The Central Asian nation throws Borat a counterpunch.

(Page 3 of 3)



Kazakhfilm, though, is otherwise strapped for cash, deprived of the heavy Soviet-era state subsidies. On its once-proud campus, set against the backdrop of the snowcapped Tien Shan mountain range, the studios are rich with props that constitute one of the largest collections of folkloric crafts in the country – from stacks of colorful handmade carpets to carved furniture and leather containers for kumiss, the national drink of fermented horse milk.


Still, Kazakhfilm crackles with creativity. In the animation department, a storyboard pasted to the wall tells the tale of an old woman whose lone goat is gobbled by a wolf. Only the tailbone is left behind. On the carpeted floor of their traditional nomadic yurt, that bone turns into a baby boy – delivering a miracle to an elderly couple that had long yearned for a child. It also reminds them of the harmony of nature.

The animator of this childrens' film, Kayergali Kassymol, says there was a time when Kazakh elders on the steppes transmitted such values to their children and grandchildren. "Now it's the television that educates their children, which is why we're bringing our oral tradition to TV," he says. "We must educate this generation that they have their own culture, their own nomadic roots. While religions, states, and countries come and go, culture is what remains."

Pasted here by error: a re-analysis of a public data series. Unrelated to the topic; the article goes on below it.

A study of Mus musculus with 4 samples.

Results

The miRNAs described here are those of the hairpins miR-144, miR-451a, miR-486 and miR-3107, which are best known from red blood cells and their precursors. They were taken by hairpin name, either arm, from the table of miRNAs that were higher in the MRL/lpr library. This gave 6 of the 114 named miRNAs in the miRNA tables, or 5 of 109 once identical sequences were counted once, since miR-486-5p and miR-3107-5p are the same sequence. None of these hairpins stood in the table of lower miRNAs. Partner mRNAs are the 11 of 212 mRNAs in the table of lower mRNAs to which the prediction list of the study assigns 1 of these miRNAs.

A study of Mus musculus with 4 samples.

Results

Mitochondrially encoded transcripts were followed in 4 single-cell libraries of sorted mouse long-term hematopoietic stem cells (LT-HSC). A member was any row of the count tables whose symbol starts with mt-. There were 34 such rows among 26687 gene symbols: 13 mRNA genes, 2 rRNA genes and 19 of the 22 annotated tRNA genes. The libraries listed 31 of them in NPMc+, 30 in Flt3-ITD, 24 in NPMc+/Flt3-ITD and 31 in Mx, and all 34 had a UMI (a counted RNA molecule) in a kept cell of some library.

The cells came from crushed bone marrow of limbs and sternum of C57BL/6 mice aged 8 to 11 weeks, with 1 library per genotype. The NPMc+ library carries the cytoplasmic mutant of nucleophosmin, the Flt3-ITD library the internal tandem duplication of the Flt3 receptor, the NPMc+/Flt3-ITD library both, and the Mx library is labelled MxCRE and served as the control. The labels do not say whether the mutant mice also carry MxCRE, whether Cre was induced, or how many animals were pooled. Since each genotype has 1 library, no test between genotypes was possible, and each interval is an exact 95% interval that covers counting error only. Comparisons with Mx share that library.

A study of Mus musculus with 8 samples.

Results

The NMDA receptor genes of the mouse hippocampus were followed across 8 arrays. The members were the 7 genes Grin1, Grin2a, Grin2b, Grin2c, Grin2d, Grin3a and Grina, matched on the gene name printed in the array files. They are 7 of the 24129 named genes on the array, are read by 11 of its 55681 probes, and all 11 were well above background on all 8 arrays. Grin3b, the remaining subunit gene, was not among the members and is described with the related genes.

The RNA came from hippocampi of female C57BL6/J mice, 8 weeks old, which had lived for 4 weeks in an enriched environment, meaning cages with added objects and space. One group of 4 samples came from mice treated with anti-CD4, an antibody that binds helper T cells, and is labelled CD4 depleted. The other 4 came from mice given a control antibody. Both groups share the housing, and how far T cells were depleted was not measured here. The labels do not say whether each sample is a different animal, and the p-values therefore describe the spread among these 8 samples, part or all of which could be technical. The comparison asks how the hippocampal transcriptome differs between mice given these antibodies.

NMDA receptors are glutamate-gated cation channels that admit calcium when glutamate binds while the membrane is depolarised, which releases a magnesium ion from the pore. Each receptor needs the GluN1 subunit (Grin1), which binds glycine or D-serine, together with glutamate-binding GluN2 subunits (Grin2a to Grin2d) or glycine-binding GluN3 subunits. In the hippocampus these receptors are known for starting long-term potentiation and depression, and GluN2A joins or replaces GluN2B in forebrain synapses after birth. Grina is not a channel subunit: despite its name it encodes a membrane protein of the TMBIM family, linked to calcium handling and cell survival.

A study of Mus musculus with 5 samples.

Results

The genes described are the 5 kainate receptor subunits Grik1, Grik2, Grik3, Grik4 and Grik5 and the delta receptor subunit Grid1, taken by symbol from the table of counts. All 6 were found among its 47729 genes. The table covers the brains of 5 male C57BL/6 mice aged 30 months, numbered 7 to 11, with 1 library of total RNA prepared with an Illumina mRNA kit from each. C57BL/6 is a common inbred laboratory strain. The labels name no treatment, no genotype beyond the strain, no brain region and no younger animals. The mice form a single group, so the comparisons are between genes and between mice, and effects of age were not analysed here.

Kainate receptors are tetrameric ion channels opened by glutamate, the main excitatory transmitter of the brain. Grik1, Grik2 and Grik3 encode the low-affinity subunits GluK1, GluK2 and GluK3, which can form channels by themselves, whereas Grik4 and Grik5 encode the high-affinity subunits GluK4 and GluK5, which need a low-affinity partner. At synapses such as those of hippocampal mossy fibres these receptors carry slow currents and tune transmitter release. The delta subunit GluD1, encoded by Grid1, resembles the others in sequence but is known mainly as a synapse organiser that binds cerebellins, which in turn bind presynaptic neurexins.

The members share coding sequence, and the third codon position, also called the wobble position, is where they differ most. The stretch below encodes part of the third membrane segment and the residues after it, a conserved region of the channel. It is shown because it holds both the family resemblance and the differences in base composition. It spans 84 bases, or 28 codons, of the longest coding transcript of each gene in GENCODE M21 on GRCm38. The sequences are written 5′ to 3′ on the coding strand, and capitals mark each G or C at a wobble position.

But, notes the critic Abikeyeva, "if you were to look just at the majority of our films, you'd get the sense we're living in the 19th or early 20th century."

The Ministry of Culture seems to agree and recently told Kazakhfilm to plow new terrain, says Tauyekel, the chief editor. He doesn't share that view, but adds, "Because we depend on their financial support, we have to be very polite."

With the success of "Mongol," there's hope that new oil wealth – Kazakhstan sits atop one of the world's largest reserves – will trigger a flow of petrodollars into the film industry. Not only historical films, but the stuff of 21st-century society – detective thrillers, romantic comedies.

"If Hollywood is an army, then here we have half a battalion," says Vladimir Tatenko, a TV producer and veteran documentarymaker for Kazakhfilm. "So I'd like to ask those now buying yachts or football clubs – why not invest in cinema?"


Meanwhile, her father's own national spirit has awakened, and he's proud her work "contributes to raising the level of Kazakh self-awareness," says Sarsenova. "Back then, he cared about the future of the Soviet Union – now he cares about the future of Kazakhstan."